Here is another gallery from our April 2012 visit to southern Florida. This one features a selection of dragonflies. We start with a male of perhaps the commonest wetland species in the area, the Blue Dasher (Pachydiplax longipennis).
Females, besides lacking the blue (as do immature males), have a blunt, squared-off abdomen. The posture, with the wings held low and forward, is typical for the species.
This is a male Band-winged Dragonlet (Erythrodiplax umbrata), a species that is something of a south Florida speciality in the eastern United States, though it has ranged as far north as Wisconsin.
This is a female Eastern Pondhawk (Erythemis simplicicollis), one of our most beautiful dragonflies. It is also, reportedly, one of the most voracious, occasionally attacking other dragonflies - including its own species.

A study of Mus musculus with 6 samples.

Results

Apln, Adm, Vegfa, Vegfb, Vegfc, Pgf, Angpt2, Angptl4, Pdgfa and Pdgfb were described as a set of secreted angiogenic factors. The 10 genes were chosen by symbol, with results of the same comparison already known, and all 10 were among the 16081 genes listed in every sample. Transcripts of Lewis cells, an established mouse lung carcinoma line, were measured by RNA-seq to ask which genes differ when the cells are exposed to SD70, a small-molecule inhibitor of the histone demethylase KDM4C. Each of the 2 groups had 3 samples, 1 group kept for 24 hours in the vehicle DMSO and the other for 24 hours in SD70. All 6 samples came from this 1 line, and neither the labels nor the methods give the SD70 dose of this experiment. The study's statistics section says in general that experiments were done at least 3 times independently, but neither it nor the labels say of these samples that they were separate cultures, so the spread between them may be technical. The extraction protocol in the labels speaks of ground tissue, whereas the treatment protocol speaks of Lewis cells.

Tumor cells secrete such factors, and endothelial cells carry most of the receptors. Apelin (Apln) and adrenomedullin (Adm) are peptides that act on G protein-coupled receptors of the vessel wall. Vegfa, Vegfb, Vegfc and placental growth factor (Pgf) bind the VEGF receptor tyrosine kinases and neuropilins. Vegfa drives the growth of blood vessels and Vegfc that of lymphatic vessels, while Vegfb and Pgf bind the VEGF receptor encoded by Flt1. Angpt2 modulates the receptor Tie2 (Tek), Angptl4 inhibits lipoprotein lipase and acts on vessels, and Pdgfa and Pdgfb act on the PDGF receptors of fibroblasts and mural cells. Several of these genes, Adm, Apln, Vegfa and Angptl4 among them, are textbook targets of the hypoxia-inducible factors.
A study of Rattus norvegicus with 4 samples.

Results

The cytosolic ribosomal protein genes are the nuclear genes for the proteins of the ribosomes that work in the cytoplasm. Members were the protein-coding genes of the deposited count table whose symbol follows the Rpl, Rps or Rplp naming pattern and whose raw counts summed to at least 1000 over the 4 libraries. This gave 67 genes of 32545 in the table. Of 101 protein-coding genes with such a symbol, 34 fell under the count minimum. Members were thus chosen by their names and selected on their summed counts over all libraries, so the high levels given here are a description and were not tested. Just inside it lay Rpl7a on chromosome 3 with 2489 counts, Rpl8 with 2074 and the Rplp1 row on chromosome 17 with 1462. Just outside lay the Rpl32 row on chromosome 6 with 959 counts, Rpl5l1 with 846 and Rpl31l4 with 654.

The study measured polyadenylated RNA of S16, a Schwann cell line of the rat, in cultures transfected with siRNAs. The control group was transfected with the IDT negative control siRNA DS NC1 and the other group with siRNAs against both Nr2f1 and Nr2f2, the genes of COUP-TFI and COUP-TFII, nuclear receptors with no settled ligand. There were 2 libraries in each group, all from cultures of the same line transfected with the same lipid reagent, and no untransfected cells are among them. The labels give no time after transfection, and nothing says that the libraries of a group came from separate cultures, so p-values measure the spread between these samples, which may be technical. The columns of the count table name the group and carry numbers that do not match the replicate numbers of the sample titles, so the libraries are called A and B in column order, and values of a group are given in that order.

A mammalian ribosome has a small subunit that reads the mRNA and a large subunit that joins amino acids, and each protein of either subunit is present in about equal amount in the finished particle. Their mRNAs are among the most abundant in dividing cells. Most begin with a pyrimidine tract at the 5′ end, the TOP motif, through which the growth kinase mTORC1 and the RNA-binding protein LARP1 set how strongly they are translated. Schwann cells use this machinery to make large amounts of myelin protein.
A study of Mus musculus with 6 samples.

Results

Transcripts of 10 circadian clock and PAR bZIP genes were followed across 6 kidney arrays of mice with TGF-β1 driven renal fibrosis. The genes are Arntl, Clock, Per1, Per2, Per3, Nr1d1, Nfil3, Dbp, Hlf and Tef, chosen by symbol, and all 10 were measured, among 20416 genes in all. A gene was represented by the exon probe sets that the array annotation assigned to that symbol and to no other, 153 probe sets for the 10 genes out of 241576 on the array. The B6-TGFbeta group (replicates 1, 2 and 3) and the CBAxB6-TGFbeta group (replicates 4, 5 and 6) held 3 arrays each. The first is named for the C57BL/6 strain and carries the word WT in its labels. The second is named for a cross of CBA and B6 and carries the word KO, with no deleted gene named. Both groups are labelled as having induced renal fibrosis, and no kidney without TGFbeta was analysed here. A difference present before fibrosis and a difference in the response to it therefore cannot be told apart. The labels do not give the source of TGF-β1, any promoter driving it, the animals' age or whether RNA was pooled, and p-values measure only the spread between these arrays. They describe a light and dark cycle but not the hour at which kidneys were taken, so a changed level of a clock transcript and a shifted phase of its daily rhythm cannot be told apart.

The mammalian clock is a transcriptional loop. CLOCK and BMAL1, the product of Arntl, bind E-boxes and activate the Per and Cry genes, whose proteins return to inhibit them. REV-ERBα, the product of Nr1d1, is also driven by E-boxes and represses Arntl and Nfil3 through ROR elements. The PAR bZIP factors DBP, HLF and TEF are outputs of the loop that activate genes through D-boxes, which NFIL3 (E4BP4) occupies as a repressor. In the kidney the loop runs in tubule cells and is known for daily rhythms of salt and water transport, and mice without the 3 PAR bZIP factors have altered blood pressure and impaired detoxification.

Pin-tailed Pondhawks (Erythemis plebeja) are tropical dragonflies that have spread through much of southern Florida since first being recorded here in 1971.
These are, apparently, female Needham's Skimmers (Libellula needhami), a common and beautiful south Florida species that is nonetheless very difficult to distinguish from the also-common Golden-winged Skimmer (L. auripennis).
These photos show one of the key differences between the two. Needham's has a largely plain thorax, while the pale area on the Golden-winged is crossed by a dark brown stripe. Ergo, these are Needham's.
Finally, the only non-libellulid dragonfly of the bunch - a Regal Darner (Coryphaeschna ingens) that I found, suspended in typical fashion, near the boardwalk of the Daggerwing Nature centre in Boca Raton.
The Regal Darner is one of the largest dragonflies in North America, reaching 10 cm in total length. The blue eyes mark this one out as a mature female; in males and immatures, the eyes are green. I am not used to having darners model for me, so this was certainly the dragonfly of the trip!